This is not a faint-of-heart predator! I think he is a member of the Clubtail family and possibly a species called, Dragonhunter. But beyond that 'possible' ID, I can't venture. Even though I have always found dragonsflies magical and have three books on the subject, I still know very little about them. However, everytime I see a new one, I want to dive more deeply into reading about them.
Of the Clubtails, my Stokes, Beginner's Guide to Dragonflies says: "The clubtails are one of the most diverse and challenging groups of dragonflies in the world....for many closely related species, even a good look at all of these features will not suffice; only an in-hand examination of anatomical features will permit certain identification. Even experts must let many pass simply as "clubtail species."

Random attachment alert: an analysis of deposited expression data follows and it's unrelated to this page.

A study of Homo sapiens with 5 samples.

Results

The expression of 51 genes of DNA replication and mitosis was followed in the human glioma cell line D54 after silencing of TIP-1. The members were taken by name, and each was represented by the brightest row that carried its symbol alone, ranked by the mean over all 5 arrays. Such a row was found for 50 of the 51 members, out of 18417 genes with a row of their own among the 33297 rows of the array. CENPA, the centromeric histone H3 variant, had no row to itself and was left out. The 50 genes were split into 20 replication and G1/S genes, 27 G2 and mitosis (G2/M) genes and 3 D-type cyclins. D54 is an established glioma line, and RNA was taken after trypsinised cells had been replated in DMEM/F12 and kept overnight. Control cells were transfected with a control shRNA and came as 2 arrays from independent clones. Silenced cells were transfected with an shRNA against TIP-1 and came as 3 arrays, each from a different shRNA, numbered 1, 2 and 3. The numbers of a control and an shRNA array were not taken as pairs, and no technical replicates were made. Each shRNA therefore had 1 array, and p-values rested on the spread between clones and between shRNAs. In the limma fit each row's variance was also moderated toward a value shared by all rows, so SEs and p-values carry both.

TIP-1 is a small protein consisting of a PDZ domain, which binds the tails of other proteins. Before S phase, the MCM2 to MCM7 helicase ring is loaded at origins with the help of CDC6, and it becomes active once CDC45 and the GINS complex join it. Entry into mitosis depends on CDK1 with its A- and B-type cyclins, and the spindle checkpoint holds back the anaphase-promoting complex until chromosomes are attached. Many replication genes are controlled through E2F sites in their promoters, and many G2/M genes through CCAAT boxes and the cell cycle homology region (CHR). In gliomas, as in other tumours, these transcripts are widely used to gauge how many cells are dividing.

Having read that, I know my limitations. But I can readily say he was gorgeous! When he was whirling around in the turbulence, I found myself primed to duck if he came my way. This made me laugh. I've never had that reaction to a dragonfly before. This guy was more like a helicopter!
Note added June 18: This dragonfly was in the 3 inch range, almost double the size of more common dragonflies. I was delighted to receive a postive ID confirmation from Martin Hagne of Weslaco, TX, who agrees this is a Clubtail Dragonhunter. Read his interesting note in the comments section.
And before I leave the subject, if you haven't already discovered Amila's blog, Gallicissa, pay it a visit. Not only is Amila an expert guide for birders, but he loves dragonflies and has created a wonderful pond in his Sri Lankan backyard where he studies dragonflies and other critters and posts beautiful macro images.